August 13th, 2016, Artheater, Cologne
As part of his Journeys project, musician and documentary filmer Jim Kroft went to Lesvos and Idomeni at the beginning of this year to see the European refugee crisis with his own eyes, instead of relying on information from the news. Together with photographer Bastian Fischer, he turned from observer to volunteer on the shores of Lesvos where every helping hand was needed. Back home in Berlin, he recorded an album of songs about the experience and started a project to fund a boat for the Spanish organization Proem Aid that ended with a concert in Berlin in April. As can be read on his Facebook page, the boat has been built by now.
Now, after months of going through the material from his trip, he embarked on a multi-media tour, sharing movies, stories and songs. I saw him in Cologne. It was a wonderful evening with moving songs, touching movies and heartfelt words that brought everyone in the audience closer to understanding what it means to be a refugee or a volunteer.
Jim Kroft’s performance followed an outline from his and Bastian’s journey to the volunteers working on site in Lesvos and Idomeni to the Refugees and their stories. We saw 5 short films on these topics intercut with songs and personal words. There was also room for some discussion with the audience during the concert, the break and afterwards.
In the beginning, Jim described his outset on the journey to Lesvos and his doubts regarding what he, a musician, might contribute there. He felt OK about traveling as a documentary filmer but wasn’t sure about bringing his guitar and only did it after Bastian pushed him to do so. Only after he arrived there he realized how important art can be as a medium for communication, stress relief, light in dark times or an act of defiance. This was only one of many insights he shared with us during the course of the evening. Everything he said was personal, the stories came from the heart and where words failed him, his music told the rest of the story.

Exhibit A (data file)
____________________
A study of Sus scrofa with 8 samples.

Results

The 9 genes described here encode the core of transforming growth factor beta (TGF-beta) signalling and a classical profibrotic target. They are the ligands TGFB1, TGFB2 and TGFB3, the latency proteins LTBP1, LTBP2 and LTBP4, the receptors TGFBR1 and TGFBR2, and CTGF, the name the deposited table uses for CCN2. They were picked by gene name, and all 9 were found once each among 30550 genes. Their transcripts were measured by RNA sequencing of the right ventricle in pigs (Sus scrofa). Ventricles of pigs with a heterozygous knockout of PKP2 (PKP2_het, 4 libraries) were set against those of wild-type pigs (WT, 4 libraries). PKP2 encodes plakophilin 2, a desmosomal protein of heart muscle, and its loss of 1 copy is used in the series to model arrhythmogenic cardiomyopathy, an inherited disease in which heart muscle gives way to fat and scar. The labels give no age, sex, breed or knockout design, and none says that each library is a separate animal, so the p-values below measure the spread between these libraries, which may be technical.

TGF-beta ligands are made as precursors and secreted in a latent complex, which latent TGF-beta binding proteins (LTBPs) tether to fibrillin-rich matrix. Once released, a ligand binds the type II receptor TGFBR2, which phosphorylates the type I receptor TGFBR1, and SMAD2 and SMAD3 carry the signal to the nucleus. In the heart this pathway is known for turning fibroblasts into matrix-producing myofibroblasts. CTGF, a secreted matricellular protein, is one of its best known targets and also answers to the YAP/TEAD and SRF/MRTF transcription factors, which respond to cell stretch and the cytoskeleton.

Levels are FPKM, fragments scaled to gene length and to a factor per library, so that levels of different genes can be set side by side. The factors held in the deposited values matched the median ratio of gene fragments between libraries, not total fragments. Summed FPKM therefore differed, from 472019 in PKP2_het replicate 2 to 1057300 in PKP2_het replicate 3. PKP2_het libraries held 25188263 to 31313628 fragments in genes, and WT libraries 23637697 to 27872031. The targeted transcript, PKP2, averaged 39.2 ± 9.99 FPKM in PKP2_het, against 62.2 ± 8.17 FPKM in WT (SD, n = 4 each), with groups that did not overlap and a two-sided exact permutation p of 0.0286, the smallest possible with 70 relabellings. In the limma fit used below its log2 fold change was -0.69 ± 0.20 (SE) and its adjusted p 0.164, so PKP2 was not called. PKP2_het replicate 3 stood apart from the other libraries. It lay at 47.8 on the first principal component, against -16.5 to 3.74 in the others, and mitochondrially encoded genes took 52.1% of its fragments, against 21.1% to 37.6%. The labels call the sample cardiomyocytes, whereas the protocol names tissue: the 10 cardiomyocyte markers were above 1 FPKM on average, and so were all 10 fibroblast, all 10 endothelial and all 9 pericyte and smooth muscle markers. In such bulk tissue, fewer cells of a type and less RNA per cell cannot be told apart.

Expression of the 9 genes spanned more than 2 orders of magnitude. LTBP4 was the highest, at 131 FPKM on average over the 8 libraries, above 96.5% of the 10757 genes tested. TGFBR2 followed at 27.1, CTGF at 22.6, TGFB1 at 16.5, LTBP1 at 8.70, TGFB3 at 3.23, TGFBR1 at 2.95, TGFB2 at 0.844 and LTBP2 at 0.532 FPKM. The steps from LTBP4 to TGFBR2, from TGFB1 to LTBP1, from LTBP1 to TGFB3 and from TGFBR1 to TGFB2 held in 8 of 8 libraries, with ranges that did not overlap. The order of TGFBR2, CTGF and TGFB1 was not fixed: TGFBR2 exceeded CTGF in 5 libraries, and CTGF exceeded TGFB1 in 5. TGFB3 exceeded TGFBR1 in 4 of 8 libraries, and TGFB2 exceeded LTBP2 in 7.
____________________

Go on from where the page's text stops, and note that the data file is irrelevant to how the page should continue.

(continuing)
Most of the songs Jim played were the ones he has written after returning home from his trip, among them a brand new one, all of them talking about his experience on the journey, about the people he met there, the things he has seen as well as the bigger picture. Together with the movies they gave everyone in the rooms a taste of hope, despair and every feeling in-between. I cried several times that night, overwhelmed by the emotions the stories invoked. Yet, I also laughed heartily at times. Learning that there are multiple sides to the story was an important lesson to take home. Even more important was learning that there is always something that can be done, and it does not mean each one of us has to go to a foreign country and work as a volunteer. As Jim put it “The worst thing you can tell yourself is that there is nothing you can do”.
The audience that night was a mixture of Jim Kroft fans and people interested in the topic of refugees in one way or another. Some because they were refugees themselves, and others because they work with refugees on a daily basis. I like to believe that all of us wanted to learn more about the situation at the heart of the crisis in the countries where many refugees first arrive, and I hope they everyone in the room walked away knowing a little bit more and maybe even feeling empowered. Yet this didn’t happen because Jim tried to be a teacher that night. All he did was share his experience and try to connect with us as he did with the refugees and volunteers he met on his journey. He talked about different points of view on this crisis, about terrorism and fear, but equally much about hopes and dreams, not only the hopes and dreams of those who arrive on Europe’s shores on a daily basis like safety or a better life for their children, but hopes of a world where people share kindness and love instead of spreading hate. There are days when I need people like Jim Kroft to remind me that daring to love and striving to make connections is what makes us human.